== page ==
The World Health Organization (WHO) has issued new guidelines to take care of children at home and in schools from transmission of the COVID-19 virus with critical considerations and practical checklists and also advised national and local authorities on how to adapt and implement emergency plans for educational facilities.
Issued jointly with the International Federation of the Red Cross (IFRC) and UNICEF, the guidelines stated that in case of school closures efforts be taken to mitigate against the possible negative impacts on children’s learning and health, including plans in place to ensure the continuity of learning, including remote learning options such as online education strategies and radio broadcasts of academic content, and access to essential services for all children.
If schools remain open, the guidance calls for:
- Providing children with information about how to protect themselves;
- Promoting best handwashing and hygiene practices and providing hygiene supplies;
- Cleaning and disinfecting school buildings, especially water and sanitation facilities; and
- Increasing airflow and ventilation.
The guidance, while specific to countries that have already confirmed the transmission of COVID-19, is still relevant in all other contexts. Education can encourage students to become advocates for disease prevention and control at home, in school, and in their community by talking to others about how to prevent the spread of viruses. Maintaining safe school operations or reopening schools after a closure, requires many considerations, but if done well, can promote public health.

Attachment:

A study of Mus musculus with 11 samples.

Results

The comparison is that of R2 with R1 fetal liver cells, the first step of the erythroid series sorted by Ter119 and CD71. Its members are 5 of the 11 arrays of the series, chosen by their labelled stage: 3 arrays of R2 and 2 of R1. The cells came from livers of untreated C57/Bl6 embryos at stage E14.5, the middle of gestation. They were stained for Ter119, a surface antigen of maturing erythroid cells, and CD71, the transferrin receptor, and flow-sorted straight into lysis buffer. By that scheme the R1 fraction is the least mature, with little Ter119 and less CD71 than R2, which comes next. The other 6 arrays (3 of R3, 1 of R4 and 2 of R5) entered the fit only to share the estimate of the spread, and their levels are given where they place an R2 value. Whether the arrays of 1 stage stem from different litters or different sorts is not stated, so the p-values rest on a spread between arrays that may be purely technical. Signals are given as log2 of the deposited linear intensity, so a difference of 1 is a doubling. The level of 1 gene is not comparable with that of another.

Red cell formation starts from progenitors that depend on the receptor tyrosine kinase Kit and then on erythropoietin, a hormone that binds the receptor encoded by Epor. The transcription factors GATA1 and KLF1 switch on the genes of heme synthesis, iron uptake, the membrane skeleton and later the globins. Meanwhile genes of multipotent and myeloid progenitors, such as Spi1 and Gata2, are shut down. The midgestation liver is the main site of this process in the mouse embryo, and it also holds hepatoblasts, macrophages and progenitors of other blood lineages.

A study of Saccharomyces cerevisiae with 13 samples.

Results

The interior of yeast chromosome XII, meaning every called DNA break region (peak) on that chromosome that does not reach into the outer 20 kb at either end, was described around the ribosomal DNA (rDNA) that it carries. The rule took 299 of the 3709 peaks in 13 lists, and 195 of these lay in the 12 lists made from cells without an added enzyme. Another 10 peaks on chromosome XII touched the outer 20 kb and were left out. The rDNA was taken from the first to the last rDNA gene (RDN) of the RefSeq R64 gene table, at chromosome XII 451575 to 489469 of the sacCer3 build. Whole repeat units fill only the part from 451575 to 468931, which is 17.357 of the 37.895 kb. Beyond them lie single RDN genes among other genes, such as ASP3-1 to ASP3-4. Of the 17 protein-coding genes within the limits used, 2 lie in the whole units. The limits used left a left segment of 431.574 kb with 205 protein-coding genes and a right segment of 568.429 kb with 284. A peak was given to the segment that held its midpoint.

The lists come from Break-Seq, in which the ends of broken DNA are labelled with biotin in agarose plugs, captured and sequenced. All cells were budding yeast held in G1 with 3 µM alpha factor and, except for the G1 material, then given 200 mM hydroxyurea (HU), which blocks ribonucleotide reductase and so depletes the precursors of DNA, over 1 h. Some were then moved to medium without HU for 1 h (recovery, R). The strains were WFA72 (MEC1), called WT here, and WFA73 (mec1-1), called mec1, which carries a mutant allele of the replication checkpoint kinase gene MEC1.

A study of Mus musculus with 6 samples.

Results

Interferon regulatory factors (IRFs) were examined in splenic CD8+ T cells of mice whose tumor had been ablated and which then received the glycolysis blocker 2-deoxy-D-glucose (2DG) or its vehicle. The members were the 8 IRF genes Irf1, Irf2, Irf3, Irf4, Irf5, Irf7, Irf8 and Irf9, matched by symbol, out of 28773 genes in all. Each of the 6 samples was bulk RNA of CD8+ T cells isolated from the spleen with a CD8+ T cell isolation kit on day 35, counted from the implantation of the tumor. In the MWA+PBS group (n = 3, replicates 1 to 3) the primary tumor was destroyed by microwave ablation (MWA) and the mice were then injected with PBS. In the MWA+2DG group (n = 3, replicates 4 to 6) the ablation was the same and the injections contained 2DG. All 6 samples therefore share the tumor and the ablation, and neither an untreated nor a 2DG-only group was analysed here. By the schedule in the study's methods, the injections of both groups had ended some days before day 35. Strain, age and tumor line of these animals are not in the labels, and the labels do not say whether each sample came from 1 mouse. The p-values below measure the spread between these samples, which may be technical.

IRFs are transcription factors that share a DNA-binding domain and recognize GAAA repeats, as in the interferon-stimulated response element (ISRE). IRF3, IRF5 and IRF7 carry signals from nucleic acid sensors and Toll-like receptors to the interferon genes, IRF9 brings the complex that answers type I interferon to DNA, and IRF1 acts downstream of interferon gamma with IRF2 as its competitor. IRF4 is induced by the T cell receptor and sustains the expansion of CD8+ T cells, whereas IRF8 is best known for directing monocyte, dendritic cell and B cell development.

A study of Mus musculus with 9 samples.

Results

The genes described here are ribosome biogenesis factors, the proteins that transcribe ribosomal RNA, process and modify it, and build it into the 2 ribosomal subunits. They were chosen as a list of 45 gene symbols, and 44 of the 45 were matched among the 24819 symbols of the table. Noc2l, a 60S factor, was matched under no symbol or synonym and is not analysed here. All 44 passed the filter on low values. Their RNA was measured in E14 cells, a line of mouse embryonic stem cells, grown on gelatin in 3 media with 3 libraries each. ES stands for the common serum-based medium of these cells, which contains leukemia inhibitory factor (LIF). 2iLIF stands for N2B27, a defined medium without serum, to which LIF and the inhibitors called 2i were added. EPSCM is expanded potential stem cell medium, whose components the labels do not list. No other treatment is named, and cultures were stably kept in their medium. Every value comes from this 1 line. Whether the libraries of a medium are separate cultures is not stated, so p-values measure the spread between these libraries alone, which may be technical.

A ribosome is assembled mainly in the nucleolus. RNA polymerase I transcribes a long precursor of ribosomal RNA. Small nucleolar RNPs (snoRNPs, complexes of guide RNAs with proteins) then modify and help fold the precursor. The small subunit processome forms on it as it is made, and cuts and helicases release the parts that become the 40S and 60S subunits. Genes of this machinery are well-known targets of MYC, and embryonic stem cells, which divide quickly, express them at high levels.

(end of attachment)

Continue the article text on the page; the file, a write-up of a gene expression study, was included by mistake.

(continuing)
For example, safe school guidelines implemented in Guinea, Liberia and Sierra Leone during the outbreak of Ebola virus disease from 2014 to 2016 helped prevent school-based transmissions of the virus.
UNICEF is urging schools – whether open or helping students through remote learning – to provide students with holistic support. Schools should provide children with vital information on handwashing and other measures to protect themselves and their families; facilitate mental health support; and help to prevent stigma and discrimination by encouraging students to be kind to each other and avoid stereotypes when talking about the virus.
The new guidance also offers helpful tips and checklists for parents and caregivers, as well as children and students themselves. These actions include:
- Monitoring children’s health and keeping them home from school if they are ill;
- Encouraging children to ask questions and express their concerns; and
- Coughing or sneezing into a tissue and avoid touching face, eyes, mouth and nose.